Cerebral Pulsatility Index Is Elevated in Patients with Elevated Right Atrial Pressure
Lahiri S, Schlick KH, Padrick MM, Rinsky B, Gonzalez N, Jones H, Mayer SA, and Lyden PD. Cerebral pulsatility index is elevated in patients with elevated right atrial pressure. J Neuroimaging 2018; 28(1):95-98.
Journal of neuroimaging : official journal of the American Society of Neuroimaging
BACKGROUND AND PURPOSE: Extracerebral venous congestion can precipitate intracranial hypertension due to obstruction of cerebral blood outflow. Conditions that increase right atrial pressure, such as hypervolemia, are thought to increase resistance to jugular venous outflow and contribute to cerebro-venous congestion. Cerebral pulsatility index (CPI) is considered a surrogate marker of distal cerebrovascular resistance and is elevated with intracranial hypertension. Thus, we sought to test the hypothesis that elevated right atrial pressure is associated with increased CPI compared to normal right atrial pressure.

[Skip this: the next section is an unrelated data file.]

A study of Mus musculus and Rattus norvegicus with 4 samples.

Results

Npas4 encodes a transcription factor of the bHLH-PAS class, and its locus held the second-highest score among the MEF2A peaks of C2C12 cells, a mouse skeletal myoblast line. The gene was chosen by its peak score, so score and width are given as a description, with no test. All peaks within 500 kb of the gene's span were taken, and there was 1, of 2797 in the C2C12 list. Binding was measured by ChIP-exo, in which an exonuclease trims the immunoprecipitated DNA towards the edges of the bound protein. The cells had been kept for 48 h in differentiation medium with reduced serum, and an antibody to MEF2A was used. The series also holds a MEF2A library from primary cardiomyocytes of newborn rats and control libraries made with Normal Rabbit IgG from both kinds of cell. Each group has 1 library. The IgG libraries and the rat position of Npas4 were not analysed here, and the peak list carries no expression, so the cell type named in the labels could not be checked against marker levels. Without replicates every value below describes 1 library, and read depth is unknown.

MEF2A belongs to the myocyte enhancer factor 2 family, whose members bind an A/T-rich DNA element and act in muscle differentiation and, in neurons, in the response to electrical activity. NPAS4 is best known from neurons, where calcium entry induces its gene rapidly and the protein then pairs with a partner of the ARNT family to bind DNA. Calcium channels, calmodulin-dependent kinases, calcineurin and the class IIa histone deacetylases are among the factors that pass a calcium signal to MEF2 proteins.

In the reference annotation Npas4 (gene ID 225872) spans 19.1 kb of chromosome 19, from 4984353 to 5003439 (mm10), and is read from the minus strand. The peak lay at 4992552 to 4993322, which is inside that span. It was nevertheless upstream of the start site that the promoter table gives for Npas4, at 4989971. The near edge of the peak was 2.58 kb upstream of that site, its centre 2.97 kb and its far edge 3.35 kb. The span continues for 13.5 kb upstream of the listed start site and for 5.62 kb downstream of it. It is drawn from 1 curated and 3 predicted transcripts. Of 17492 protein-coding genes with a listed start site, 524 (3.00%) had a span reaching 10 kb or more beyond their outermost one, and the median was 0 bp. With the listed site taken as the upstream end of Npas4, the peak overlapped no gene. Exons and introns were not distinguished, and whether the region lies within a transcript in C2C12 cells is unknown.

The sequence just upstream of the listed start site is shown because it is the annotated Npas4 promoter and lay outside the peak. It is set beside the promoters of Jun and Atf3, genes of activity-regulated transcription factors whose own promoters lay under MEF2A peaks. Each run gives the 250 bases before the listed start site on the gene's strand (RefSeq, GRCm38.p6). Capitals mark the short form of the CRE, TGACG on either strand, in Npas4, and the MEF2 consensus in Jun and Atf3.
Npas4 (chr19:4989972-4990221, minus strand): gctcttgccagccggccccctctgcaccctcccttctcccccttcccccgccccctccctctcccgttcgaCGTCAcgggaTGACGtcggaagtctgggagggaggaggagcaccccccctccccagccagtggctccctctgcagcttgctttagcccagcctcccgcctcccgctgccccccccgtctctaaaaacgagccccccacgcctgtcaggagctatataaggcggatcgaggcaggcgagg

METHODS: We retrospectively reviewed 61 consecutive patients with subarachnoid hemorrhage. We calculated CPI from transcranial Doppler studies and correlated these with echocardiographic measures of right atrial pressure. CPIs were compared from patients with elevated and normal right atrial pressure.
RESULTS: There was a significant difference between CPI obtained from all patients with elevated right atrial pressure compared to those with normal right atrial pressure (P < .0001). This finding was consistent in sensitivity analysis that compared right and left hemispheric CPI from patients with both elevated and normal right atrial pressure.
CONCLUSION: Patients with elevated right atrial pressure had significantly higher CPI compared to patients with normal right atrial pressure. These findings suggest that cerebro-venous congestion due to impaired jugular venous outflow may increase distal cerebrovascular resistance as measured by CPI. Since elevated CPI is associated with poor outcome in numerous neurological conditions, future studies are needed to elucidate the significance of these results in other populations.